Congress has returned to Washington after five weeks of vacation to squander their few fall “work” days with political posturing and a “must-pass” bill that will fund the U.S. government only through mid-December.
Lawmakers running in the Nov. 4 elections are anxious to get back to full-time campaigning, which necessarily means full-time fundraising. Fundraising has become the dominant U.S. political activity as the U.S. Supreme Court in multiple decisions has declared that money is free speech under the First Amendment.
As a result, Montana has seen its longstanding state campaign finance laws struck down. A century-old ban on corporate political contributions enacted by Montana voters was ruled unconstitutional. Limits on individual contributions have been eliminated by a U.S. District judge pending appeal at the 9th Circuit. All the while, groups that are fighting spending limits are fighting public disclosure laws.
Dark money in Montana
Thus, dark money has become a significant factor in Montana and U.S. elections. Legislation aimed at shedding more public light on campaign finance failed in the 2013 Montana Legislature despite the bipartisan efforts of state Sen. Jim Peterson, R-Buffalo, and Democratic Gov. Steve Bullock.
There are two ways to overcome the “money is free speech” rulings. One is for a majority of the U.S. Supreme Court to overrule or alter its stand in future cases. That will require the appointment of justices who don’t see a constitutional imperative for unlimited spending. The other way is amending the U.S. Constitution. An amendment requires that two-thirds of both the House and Senate vote to send the proposal to the states and that three-fourths of the states approve it. Amending the U.S. Constitution is difficult.
This fall, it is impossible. The GOP leadership in the House supports the campaign spending free for all. Senate Majority Leader Harry Reid still brought the proposed amendment up for a procedural vote on Monday, and 79 senators — Democrats and Republicans — voted to start debate. The 18 no votes were Republicans. The Senate effort is doomed to fail in the last days of this lame-duck Congress, and Reid could have used the time for consideration of delayed appointments, tax provisions that are expiring and a budget for the year starting Oct. 1.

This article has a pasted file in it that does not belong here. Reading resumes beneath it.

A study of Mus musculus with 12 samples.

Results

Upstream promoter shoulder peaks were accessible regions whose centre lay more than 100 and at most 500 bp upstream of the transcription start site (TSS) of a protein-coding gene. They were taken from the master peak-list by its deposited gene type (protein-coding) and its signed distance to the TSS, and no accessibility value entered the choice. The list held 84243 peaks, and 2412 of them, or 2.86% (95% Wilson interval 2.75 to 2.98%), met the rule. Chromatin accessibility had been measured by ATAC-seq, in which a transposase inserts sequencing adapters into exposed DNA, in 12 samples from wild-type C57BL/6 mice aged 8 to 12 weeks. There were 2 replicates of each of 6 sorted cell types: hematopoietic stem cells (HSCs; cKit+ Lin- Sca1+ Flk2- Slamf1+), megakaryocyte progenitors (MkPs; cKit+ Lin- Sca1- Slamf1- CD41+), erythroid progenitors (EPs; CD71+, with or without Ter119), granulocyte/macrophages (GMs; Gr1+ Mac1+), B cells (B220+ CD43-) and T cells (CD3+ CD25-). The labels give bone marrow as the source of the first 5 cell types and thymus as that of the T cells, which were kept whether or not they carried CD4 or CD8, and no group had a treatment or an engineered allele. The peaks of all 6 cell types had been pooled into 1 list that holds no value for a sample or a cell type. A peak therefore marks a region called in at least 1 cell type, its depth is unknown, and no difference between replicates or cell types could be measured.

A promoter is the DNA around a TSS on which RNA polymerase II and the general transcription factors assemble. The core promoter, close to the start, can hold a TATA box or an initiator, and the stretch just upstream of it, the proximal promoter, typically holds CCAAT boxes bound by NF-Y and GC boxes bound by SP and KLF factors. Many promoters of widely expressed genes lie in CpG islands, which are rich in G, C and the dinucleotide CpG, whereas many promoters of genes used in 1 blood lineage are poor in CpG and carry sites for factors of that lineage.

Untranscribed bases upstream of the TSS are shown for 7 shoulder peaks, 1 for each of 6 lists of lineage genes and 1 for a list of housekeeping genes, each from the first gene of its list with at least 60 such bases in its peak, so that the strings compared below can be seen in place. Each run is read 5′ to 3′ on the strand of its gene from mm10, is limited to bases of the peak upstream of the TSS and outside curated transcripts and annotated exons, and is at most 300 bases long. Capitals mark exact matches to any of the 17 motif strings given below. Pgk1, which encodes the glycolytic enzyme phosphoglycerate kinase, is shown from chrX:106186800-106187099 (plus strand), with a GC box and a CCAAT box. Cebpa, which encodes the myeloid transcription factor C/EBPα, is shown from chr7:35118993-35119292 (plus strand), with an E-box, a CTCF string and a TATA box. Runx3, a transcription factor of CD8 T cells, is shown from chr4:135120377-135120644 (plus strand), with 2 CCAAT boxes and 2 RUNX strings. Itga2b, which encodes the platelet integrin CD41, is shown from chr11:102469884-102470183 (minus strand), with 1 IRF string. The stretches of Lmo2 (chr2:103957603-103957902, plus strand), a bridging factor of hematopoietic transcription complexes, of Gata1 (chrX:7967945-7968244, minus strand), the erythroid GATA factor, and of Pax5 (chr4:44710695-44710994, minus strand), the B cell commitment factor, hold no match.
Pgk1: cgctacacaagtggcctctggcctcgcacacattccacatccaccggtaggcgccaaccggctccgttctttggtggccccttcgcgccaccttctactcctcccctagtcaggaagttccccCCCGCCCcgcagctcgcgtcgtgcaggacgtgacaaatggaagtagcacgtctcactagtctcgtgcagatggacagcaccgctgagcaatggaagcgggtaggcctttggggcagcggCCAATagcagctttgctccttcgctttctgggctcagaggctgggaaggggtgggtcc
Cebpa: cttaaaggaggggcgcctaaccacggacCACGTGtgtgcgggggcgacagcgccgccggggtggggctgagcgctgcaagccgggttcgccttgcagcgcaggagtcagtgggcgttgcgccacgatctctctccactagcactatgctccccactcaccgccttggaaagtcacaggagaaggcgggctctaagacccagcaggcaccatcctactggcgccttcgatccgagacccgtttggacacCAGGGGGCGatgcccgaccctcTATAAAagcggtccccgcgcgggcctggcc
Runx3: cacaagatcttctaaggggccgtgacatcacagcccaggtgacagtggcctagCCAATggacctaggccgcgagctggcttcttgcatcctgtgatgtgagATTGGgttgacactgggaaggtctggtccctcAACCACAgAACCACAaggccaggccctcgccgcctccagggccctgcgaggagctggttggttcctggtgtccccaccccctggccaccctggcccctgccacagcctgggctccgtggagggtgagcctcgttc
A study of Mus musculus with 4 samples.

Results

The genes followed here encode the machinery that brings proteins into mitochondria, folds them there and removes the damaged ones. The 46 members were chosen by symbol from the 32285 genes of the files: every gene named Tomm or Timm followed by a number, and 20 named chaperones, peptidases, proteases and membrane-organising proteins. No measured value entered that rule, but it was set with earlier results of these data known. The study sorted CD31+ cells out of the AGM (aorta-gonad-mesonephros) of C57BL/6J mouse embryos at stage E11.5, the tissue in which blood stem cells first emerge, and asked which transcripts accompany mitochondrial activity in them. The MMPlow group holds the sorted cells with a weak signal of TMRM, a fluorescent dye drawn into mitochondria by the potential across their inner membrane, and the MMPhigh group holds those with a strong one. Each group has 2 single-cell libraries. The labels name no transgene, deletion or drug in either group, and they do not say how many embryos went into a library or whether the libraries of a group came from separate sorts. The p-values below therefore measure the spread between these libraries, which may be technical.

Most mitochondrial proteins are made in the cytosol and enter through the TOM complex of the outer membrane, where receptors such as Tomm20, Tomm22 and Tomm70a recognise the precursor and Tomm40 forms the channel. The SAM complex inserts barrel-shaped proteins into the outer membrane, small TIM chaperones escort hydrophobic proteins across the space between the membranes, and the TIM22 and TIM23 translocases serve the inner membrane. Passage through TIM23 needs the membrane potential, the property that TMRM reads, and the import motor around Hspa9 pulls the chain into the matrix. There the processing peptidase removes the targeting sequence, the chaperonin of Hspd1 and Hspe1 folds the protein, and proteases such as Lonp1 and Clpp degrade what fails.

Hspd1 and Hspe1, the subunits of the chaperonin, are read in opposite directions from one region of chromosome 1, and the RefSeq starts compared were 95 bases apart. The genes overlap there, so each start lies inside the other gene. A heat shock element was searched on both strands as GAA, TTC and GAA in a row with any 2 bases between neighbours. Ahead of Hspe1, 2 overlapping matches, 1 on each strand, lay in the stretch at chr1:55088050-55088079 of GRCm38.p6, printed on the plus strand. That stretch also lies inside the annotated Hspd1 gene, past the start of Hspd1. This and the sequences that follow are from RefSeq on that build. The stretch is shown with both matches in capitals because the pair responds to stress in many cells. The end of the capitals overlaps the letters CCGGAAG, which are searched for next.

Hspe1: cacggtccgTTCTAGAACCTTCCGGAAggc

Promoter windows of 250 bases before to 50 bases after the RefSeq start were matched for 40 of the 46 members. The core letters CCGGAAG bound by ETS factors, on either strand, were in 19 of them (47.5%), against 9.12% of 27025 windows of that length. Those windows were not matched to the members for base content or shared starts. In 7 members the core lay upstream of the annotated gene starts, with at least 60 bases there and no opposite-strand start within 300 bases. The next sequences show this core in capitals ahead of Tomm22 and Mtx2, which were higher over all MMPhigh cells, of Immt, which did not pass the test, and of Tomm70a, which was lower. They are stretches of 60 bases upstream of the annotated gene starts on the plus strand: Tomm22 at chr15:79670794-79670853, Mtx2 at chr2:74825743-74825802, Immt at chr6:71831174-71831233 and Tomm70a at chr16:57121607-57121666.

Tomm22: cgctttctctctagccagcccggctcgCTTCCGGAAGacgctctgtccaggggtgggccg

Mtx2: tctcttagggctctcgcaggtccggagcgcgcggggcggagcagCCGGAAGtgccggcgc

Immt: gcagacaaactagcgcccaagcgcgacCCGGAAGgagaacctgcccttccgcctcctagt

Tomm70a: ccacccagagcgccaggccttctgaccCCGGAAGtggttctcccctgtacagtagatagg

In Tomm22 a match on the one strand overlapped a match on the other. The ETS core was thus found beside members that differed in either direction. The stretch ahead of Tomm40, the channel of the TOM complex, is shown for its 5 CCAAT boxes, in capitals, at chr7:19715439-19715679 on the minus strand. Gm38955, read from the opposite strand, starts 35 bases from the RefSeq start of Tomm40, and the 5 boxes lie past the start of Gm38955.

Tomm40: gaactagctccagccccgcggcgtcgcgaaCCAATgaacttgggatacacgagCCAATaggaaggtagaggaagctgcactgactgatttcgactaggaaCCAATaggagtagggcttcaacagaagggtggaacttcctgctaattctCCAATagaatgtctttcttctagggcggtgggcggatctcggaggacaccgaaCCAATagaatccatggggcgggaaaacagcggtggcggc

However, American citizens deserve to know how much money is flooding their election process. The only way to change it is to elect lawmakers to the state and federal level that support openness and a more level playing field for citizens who don’t have the money to give thousands or millions to campaigns.
Former U.S. Sen. Alan Simpson, R-Wyo., and Sen. Tom Udall, D-N.M., made a bipartisan case for the amendment in an op-ed published Monday by The Hill.
“The original and honest intent of our campaign finance laws is to rein in the culture of money in politics and ensure that a few donors can’t buy an election by spending to benefit one candidate over another,” Simpson and Udall wrote. “They are rooted in the public’s disgust with political corruption. Yet the court’s rulings indicate we are headed back to that pre-Watergate era of corruption.”
The column notes that in 1978, the year Simpson was first elected, outside groups spent $303,000 on U.S. congressional campaigns, according to a study by Brookings and the American Enterprise Institute. In 2012, the same study found, spending by outside political groups had grown to $457 million in House and Senate races.
Not only must members of Congress raise funds constantly; they can’t always vote for their constituents because they can’t alienate the big funders and fundraisers.
The nation needs to move away from this culture of money driving the election process. Citizens can make a start by voting in the November elections.